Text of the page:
A protester in costume walks along Montreal streets in the early hours of the morning on May 19, 2012.
Credits: JOEL LEMAY/QMI AGENCY
Accusing the Jean Charest government of being "unfit to govern free people," the Canadian Union of Postal Workers says it supports the students of Québec in their struggle for affordable education.
"We join people across the country in condemning the shameful and disgusting legislation brought against the striking students by the Charest government," CUPW said, referring to Bill 78. "This legislation shows that they do not respect basic human rights."
Bill 78, which was passed Friday, suspends the academic term at some post-secondary institutions until the summer, with the aim of letting student hotheads cool off.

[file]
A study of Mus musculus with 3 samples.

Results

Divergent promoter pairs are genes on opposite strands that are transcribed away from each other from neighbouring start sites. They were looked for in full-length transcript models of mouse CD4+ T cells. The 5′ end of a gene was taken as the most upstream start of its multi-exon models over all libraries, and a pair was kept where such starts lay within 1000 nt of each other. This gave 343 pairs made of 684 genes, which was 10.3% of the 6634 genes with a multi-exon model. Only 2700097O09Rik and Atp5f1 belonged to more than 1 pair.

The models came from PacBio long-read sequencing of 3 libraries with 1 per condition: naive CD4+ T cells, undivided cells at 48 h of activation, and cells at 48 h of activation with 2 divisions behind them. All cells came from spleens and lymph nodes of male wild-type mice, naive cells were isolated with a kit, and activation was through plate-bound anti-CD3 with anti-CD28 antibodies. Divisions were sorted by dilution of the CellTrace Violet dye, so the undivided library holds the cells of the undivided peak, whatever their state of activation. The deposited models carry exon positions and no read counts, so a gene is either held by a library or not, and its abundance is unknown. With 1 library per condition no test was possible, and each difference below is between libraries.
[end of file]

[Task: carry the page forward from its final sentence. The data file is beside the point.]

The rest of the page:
Critics say it also attacks civil liberties and Charter freedoms by decreeing that any protest involving 50 or more people must give police eight hours of notice about when and where they will be protesting, and change their route if police ask.
In its statement issued Friday, CUPW says that "the federal government's back-to-work legislation (imposed last summer) stripped us of our right to strike and threatened us with similarly punitive measures if we did not comply. We applaud the courage of the students and pledge the solidarity of thousands of postal workers."
The union. however, did not condemn the violence that has marred the protests and did not respond to QMI Agency's request for comment.
On Friday, rioters hurled Molotov cocktails and other projectiles at Montreal police officers minutes before the protest was declared illegal at about 9:50 p.m.